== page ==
Red Cross on the frontline of Covid fight
By Hilary Mare
THE novel Covid-19 pandemic that first erupted in China before spreading like a veld fire to the rest of world has created a historic health dilemma that has hit the poor hardest, particularly in small and vulnerable economies such as Namibia.
At the backdrop of this health crisis, the Namibian government is facing an unprecedented time in which ‘extraordinary’ sacrifice from all stakeholders is not an option but a must.
Toiling on the frontline, the Namibia Red Cross Society has been visible particularly in the Khomas region where at least 100 volunteers have been doing health education, community engagement and distribution of PPEs to some of the most vulnerable groups of the society.
This initiative was made possible by Coca-Cola Foundation which recently afforded the association nearly N$1 million to amplify its ability to respond to a growing health crisis.
In an interview with Confidente this week around their Covid-19 response project, the Red Cross Namibia Khomas regional coordinator, Elizabeth Shakujungua highlighted that they sought to assist the vulnerable communities in 10 constituencies in Windhoek by helping them curb Covid-19, on a household level.
“What we also pushed to do was to reduce the risk of transmission of the virus and to contain the outbreak. Apart from this, our project has been instrumental in supporting public confidence in the system and outbreak response measures coupled with promoting effective community engagement,risk communication, behavioural change and hygiene promotion approaches that motivate action and promote participation while also reducing stigma and possible violence,” said Shakujungua.
She went on to say that owing to the engagement that has been undertaken by Red Cross, more people in the target communities have come to learn and understand the new virus and also learned how to prevent them from contracting it.
“Communities are taking precautions and they are taking the virus seriously. They are also now cognisant about the virus and how it affects them mentally and emotionally and the fact that it affects the economy of Namibia. Community engagement thus far has assisted the volunteers engaging the public with the support of other partners such as NGOs and the Ministry of Health.”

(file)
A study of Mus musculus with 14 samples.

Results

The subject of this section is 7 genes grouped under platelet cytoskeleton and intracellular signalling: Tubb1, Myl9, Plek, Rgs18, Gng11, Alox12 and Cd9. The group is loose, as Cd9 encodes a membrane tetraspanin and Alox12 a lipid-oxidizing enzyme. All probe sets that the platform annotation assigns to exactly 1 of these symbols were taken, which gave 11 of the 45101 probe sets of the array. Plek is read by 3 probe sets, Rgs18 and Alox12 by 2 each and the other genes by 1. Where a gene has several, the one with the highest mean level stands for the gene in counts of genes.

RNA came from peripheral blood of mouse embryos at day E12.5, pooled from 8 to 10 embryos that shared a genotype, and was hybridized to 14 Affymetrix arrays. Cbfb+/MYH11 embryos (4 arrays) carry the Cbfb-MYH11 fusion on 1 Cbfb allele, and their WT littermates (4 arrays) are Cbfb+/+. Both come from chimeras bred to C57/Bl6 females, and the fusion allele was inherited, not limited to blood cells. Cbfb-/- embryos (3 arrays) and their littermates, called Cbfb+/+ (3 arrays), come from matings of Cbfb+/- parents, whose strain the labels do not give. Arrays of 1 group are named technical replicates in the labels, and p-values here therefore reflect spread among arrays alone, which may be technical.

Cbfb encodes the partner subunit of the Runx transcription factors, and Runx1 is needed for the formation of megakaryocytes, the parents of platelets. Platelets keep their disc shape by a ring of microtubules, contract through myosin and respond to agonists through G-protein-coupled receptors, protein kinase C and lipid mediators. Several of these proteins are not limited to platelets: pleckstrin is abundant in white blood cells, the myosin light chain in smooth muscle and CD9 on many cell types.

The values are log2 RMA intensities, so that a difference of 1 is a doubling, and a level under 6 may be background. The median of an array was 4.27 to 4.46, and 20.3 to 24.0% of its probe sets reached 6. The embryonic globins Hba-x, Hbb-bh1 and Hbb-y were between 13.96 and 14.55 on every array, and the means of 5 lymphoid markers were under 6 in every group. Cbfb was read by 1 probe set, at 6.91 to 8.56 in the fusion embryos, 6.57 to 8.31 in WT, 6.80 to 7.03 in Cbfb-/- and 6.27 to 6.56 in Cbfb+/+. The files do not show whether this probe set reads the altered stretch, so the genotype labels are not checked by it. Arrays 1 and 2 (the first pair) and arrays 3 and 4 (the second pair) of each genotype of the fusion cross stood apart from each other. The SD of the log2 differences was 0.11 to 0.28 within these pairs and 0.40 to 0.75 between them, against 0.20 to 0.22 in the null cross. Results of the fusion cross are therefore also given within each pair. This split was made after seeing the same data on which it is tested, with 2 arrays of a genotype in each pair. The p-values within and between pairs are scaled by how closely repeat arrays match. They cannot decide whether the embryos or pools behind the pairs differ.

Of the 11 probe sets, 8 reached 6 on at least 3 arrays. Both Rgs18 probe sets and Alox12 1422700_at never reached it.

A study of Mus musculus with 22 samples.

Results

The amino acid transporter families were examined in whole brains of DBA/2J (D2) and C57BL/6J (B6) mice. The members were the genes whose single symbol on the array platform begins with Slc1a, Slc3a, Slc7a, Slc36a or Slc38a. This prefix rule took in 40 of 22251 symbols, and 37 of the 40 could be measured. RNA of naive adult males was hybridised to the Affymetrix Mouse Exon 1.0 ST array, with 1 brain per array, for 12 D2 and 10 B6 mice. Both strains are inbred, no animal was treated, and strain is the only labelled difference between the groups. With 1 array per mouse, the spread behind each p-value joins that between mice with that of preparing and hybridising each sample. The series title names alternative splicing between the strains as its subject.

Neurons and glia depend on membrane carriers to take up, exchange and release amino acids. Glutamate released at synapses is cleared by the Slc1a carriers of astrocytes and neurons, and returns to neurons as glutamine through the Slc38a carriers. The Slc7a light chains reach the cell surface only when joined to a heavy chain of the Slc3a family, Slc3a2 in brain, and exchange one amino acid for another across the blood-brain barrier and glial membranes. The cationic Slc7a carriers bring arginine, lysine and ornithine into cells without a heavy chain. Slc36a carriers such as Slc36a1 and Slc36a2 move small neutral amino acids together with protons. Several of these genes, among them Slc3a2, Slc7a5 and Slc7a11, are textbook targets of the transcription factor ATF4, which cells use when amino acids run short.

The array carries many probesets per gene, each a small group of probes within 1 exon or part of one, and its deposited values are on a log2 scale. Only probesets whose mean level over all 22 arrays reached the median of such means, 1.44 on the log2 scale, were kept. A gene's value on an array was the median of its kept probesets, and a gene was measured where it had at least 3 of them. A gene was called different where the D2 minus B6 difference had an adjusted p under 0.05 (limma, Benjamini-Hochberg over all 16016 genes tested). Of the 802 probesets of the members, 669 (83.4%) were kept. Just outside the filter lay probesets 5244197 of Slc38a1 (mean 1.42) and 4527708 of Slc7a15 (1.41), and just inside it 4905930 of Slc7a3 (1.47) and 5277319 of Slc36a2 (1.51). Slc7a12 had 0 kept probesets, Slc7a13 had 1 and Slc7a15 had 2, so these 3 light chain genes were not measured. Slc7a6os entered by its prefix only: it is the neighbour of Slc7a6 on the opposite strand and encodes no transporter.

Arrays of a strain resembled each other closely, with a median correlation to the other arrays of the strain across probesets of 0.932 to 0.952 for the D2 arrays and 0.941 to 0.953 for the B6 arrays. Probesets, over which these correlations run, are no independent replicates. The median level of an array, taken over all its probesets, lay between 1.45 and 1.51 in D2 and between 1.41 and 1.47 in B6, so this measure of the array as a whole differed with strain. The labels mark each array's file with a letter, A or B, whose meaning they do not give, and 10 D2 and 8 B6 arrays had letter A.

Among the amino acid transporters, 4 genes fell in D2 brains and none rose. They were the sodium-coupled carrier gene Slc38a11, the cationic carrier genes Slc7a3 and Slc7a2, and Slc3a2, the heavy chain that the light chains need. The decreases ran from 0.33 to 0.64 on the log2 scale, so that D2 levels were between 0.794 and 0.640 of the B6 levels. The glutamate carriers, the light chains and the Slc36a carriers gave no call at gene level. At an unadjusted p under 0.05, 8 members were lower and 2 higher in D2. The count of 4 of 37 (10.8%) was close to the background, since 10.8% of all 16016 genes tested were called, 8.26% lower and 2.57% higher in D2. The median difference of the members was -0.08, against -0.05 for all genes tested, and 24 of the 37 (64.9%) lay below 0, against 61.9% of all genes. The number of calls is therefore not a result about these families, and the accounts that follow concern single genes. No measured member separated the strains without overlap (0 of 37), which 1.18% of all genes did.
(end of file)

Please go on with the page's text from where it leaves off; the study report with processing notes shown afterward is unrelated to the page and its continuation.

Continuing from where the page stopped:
Owing to Coca-Cola Foundation’s donor funds, Red Cross has also managed to provide Personal Protective Equipment (PPEs) namely masks, gloves, hand sanitisers, disinfectants, tippy tap containers and water jerry cans. They have also made available and distributed health packs containing a face cloth, a bar of soap, two sets of gloves, masks and a 300ml sanitiser to community members. Visibility material for the volunteers as well as toolkits translated into the different vernacular languages to enable volunteers to be able to engage community members in their native languages were used as part of the engagement strategy.
Indeed as with all projects, Red Cross also endured some challenges. Speaking about these, Shakujungua said: “At first, the communities found it hard to adhere to the new restricted regulations in terms of social distancing. Also getting volunteers on the ground to curb the virus quickly by doing community engagement when national lockdowns were being enforced was also a key challenge that we also managed to overcome.”
She added that to further fight the virus effectively, Red Cross requires more funding in terms of relief and food packages to support communities especially those who have less or no sources of income due to job losses and inadequate resources to support families.
“Despite this, I would like to acknowledge that Coca-Cola’s donation made a great difference in terms of community engagement and support on the ground to enable communities to look after themselves. It also made a huge difference capacitating and empowering volunteers to work effectively and carry out positive health education,” concluded Shakujungua.